Artifacts should not be taken from our national forests, but there is a special exception that allows a kind of small treasure that can be appropriate to take. That is, if you are smart enough to find its location and only if you leave a treasure of your own to replace it.
The exception is the sport of geocaching.
One person or group hides treasure in a location they think others will have fun seeking. The coordinates are entered on the Web (www.geocaching.com is just one of the sites) along with clues.
"We like to place creative containers that make people smile," said the Buxley cachers, Terry and Barbara.
They recommend airtight plastic containers.
"Size-wise they might be tiny to large (placed in) a fake bird's nest, a hollow tree limb, a fake rock and some really other devious hides," they said. "Sometimes we see a particular location just crying for a cache."
The seeker locates the area within .10 of a mile of the cache, using north longitude and west latitude coordinates obtained from a hand-held Global Positioning Satellite unit.
GPS devices have become easily available to the public, like other military equipment in the past.
Hunters and hikers use them to navigate their treks through the woods, OnStar dispatchers use it to aid lost travelers, geocachers just want to have fun.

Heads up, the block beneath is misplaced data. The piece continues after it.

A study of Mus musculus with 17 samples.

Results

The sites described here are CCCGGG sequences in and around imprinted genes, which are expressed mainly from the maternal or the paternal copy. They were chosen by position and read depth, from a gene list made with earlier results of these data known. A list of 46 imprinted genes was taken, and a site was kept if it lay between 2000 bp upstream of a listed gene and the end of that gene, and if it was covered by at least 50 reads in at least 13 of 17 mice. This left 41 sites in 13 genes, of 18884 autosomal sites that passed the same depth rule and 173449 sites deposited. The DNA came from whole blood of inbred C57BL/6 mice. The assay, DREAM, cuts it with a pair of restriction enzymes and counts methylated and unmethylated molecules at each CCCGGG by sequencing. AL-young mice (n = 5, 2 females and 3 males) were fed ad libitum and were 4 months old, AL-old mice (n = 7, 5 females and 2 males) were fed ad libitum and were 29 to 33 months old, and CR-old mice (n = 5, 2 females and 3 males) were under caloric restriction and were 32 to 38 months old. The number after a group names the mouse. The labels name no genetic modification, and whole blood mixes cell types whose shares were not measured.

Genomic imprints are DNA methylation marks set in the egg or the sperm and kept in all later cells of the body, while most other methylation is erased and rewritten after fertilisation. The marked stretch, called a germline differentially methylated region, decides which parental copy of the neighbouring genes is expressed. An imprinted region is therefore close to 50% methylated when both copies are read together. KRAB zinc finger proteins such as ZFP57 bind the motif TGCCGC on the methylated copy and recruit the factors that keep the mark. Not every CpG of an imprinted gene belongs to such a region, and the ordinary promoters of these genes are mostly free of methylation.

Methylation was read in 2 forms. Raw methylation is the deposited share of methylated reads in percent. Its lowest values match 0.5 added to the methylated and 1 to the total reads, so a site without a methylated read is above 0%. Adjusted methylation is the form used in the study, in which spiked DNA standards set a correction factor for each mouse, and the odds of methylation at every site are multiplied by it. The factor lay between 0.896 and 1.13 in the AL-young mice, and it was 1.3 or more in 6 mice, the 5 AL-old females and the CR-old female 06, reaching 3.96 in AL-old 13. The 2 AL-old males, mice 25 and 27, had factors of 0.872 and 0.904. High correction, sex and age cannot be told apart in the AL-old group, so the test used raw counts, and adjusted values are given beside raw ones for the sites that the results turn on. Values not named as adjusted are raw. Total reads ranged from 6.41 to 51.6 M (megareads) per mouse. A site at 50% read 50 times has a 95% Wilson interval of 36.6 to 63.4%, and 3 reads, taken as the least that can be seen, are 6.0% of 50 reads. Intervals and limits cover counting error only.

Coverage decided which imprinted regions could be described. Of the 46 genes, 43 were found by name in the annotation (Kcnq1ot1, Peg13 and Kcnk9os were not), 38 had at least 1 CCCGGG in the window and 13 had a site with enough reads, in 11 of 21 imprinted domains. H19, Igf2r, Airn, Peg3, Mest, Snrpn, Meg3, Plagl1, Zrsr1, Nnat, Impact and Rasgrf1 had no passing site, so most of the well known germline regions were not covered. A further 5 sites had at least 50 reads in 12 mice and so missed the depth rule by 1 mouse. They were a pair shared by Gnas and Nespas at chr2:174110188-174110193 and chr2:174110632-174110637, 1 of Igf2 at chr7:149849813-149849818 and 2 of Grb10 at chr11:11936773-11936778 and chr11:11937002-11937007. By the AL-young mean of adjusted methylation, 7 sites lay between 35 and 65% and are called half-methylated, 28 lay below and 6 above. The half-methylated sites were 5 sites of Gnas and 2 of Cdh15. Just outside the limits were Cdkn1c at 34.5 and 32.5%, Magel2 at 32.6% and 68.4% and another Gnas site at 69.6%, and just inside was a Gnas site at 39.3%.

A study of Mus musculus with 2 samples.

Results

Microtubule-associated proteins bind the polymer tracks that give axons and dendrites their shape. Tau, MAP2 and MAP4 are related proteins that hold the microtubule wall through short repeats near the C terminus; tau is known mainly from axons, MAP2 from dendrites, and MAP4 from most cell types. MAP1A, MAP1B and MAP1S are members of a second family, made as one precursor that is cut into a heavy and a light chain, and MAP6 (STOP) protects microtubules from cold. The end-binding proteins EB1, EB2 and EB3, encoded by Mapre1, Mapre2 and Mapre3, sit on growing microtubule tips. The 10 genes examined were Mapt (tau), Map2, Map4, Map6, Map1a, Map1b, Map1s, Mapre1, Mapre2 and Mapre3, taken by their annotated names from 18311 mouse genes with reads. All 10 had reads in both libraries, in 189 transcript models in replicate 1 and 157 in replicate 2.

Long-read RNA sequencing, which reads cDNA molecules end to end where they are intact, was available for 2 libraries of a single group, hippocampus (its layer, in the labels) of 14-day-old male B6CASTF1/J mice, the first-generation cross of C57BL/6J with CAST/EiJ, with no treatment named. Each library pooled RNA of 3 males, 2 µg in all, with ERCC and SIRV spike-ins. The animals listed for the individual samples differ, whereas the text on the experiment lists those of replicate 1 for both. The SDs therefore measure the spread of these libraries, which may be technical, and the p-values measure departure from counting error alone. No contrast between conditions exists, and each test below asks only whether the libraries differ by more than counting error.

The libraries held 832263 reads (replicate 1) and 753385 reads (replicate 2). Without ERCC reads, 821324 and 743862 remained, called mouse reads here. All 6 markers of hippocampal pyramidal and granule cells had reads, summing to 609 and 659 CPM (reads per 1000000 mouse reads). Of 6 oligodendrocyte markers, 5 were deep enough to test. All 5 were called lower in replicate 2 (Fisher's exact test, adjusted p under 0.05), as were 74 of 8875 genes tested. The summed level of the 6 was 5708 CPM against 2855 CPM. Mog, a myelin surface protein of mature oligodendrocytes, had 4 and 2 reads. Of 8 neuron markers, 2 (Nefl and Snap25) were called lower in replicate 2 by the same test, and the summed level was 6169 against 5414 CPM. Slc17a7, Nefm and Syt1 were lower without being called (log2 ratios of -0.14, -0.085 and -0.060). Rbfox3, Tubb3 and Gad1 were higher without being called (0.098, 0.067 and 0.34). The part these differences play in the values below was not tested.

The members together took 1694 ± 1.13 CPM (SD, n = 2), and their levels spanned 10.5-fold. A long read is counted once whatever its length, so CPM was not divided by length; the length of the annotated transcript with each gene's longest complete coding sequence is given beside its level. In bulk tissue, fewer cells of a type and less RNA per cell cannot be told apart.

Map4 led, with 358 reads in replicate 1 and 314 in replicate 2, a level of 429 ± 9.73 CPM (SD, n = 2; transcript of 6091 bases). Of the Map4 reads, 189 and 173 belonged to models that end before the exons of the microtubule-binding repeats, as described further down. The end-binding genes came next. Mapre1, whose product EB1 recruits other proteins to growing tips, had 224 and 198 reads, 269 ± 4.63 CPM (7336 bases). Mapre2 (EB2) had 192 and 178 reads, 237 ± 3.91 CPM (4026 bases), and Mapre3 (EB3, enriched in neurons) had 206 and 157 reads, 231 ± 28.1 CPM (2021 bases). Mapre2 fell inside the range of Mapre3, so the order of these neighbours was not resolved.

"Clues are handy, sometimes intriguing and sometimes a dead giveaway -- called spoilers," hider and seeker P.J. Sura said.
Clues to the cache can be obtained on the Web before leaving home, or if the seeker has a PDA (personal digital assistant), scenery spoilers can be downloaded nearer the site.
The difficulty in locating a particular site is as varied as the clues, such as "If you're too far left, you ain't right" and "A Hard Day's Cache."
"Some caches are puzzles and one must decipher some sort of encryption to get to the actual location of the geocache," wrote a man who goes by AZcachemeister. "I don't like puzzles. I would rather do a 12-mile hike to the top of a mountain!"
"Sometimes you have to read the old (online) log sheets to glean any useful information," said the Buxleys. "For example, a person who found the cache two months ago may have said, ‘... located the container in its hidey hole, found myself cooling off in the shade of the old saguaro.'"
Into the inconspicuously placed box go a log sheet or small notebook, a pencil or pen and some sort of "treasure."
Some cachers are in it for the joy of the hike. Entering their name in the log book shows, "Hey! I was here!"
The object of the treasure? Well, some folks just like to find treasure.
Packets of tissues, key chains, packs of gum, marbles, just about any little trinket can become a "treasure" in geocaching.
"My niece was with me one time and she wanted the little blue glass rock," said seeker Shelly Sundra.
Participation in the treasure hunt will not make one rich in the classic sense -- it will work your brain.
In the Rim Country, it is likely to take you into the woods and seeking might make you want to hide a cache of your own.